When people first come into the game design major, they have huge misconceptions as to what the job involves. Usually, they involve some form of “I want to write game stories”, or “I want to tell people what the game should be” and, most dangerously of all, “I just come up with the ideas”. Eventually, people in the major realize that the role of designer is not to come up with concepts, but to make them happen. This disconnect, and the uncomfortable attempt to cross it, caused about half of the game designers in my year to drop, fail, or switch majors. So, being a game designer in my senior year, you’d think I’d have learned this by now, right?

Well, apparently I’m still learning. And that’s why I have to say goodbye to Daisy.

Daisy was a concept for a horror-stealth game, where the player had to use the computer network in a building in order to unlock doors and use other networked devices in order to evade a robot patrolling the building. The robot was also able to sense certain actions the player made on the network, giving it a general clue as to where to find the player.

Daisy Networking Gameplay v3

A visual design document of the networking game play in Daisy

I was really invested in the idea, largely because the idea of being hunted was taken from Alien: Isolation, a game that I really enjoyed. In it, the player needed to avoid a xenomorph that was a constant threat, using a motion detector to keep track of its approximate location, and using crafted devices in order to distract it. What really made it unique, however, was the way the AI was handled: instead of largely scripted seeking behaviors, the alien was dropped in an area, and handled all the pursuing of the player itself, resulting in it taking different actions every time the game was played. I was really impressed by this feat and wanted a game that operated on the same principles, something that took Creative Assembly one hundred people and four years to complete. And how many people were on my team?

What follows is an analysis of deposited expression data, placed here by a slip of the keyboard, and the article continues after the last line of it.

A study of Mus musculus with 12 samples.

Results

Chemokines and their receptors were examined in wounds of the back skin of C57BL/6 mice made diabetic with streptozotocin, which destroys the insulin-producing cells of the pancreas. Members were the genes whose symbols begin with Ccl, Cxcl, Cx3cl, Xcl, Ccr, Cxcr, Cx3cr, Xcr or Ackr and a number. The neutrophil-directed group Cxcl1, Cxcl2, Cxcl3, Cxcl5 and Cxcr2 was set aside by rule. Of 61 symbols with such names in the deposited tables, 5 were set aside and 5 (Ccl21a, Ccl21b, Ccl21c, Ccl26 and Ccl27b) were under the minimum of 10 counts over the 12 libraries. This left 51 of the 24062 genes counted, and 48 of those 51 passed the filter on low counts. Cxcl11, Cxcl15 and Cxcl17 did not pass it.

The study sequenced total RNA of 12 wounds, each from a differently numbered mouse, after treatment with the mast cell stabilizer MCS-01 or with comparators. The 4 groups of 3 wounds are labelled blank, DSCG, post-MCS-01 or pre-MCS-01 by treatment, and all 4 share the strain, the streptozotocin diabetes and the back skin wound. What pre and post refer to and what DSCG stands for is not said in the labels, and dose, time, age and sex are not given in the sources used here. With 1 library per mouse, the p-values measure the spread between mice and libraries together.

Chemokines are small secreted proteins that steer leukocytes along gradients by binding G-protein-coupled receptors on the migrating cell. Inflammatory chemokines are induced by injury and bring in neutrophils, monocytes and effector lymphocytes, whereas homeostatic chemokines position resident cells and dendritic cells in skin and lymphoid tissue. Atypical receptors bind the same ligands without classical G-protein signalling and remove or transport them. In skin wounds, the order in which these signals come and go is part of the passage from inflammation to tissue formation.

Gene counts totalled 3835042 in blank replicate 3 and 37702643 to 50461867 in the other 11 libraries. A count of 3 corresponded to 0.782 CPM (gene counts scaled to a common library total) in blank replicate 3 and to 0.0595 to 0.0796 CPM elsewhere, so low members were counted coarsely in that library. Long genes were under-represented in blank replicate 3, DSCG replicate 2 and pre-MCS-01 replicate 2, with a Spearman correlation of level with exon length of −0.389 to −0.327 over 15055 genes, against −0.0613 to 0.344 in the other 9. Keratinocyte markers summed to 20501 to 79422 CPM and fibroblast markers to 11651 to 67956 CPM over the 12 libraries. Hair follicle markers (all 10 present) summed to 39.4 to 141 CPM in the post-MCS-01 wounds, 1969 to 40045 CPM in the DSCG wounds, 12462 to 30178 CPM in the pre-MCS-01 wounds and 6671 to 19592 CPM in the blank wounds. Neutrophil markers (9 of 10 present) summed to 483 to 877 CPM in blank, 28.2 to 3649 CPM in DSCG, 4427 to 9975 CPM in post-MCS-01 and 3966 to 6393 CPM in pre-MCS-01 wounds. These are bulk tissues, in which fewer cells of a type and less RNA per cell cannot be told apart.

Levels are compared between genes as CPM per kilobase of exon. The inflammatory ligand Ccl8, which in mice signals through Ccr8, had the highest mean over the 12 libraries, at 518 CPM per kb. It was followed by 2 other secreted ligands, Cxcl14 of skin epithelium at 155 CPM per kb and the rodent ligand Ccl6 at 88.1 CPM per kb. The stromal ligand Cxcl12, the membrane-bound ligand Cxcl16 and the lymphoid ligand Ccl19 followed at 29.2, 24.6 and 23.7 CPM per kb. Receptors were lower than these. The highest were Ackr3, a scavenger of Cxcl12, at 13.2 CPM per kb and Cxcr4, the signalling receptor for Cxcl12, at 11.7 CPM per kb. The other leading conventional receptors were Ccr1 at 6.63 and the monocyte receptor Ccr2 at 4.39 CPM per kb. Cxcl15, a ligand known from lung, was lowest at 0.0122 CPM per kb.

A game play trailer for Alien: Isolation

Four. See the problem?

I knew that Daisy was always going to be risky, but I didn’t truly understand the scope of what I wanted until I presented the idea to one of my professors, John Boyd. I met with him to review my documentation for the then four ideas my team had, my team’s programmer and artist also being present. When we got to Daisy, he said he liked the idea, but that it was too out-of-scope.

“The AI is the biggest problem here,” Boyd said. “That alone could take a team of one hundred people three years” (again, not very far off). He had concerns with the art as well, since this was going to be a first-person game. “The animation is going to be huge, as well as getting a bunch of modular assets that need diffuse, normal mapped, and spec mapped as well.” Given the looks I was getting from my teammates, I had a good feeling this idea was already dead.

Over the past few months, I had repeatedly tried to rationalize and mitigate the scope, attempting to justify making it. We could just make everything low-poly the first semester. We could do as much research on goal-oriented AI; Alien: Isolation used that, right? Tyler could just focus on that, and I could implement the mechanics and handle scripting my levels. I’m taking an AI class in the fall; I could totally pitch in with it! But after the talk with Boyd, the real scope of the game was laid out in front of us, and the response from my teammates was clear:  we just can’t feasably do this.

So at the next team meeting two days later, I brought it up: let’s just axe Daisy. I didn’t like it, but I knew it was the smart move; again, being a designer isn’t about creating concepts, but making them happen, and my team needed me to be a good designer. It was quickly agreed upon, and we had narrowed our ideas down to three.

Our current ideas are much more in scope right now, and I think we’re going to be deciding on the one that’s the smallest. I’m hanging on to the idea of Daisy, though: maybe it’d make a good portfolio piece? I wouldn’t need to worry about art assets then, and maybe I could scale it down, or just focus on getting the AI working in my programming classes.

Or maybe I’m just rationalizing again. I need to stop doing that.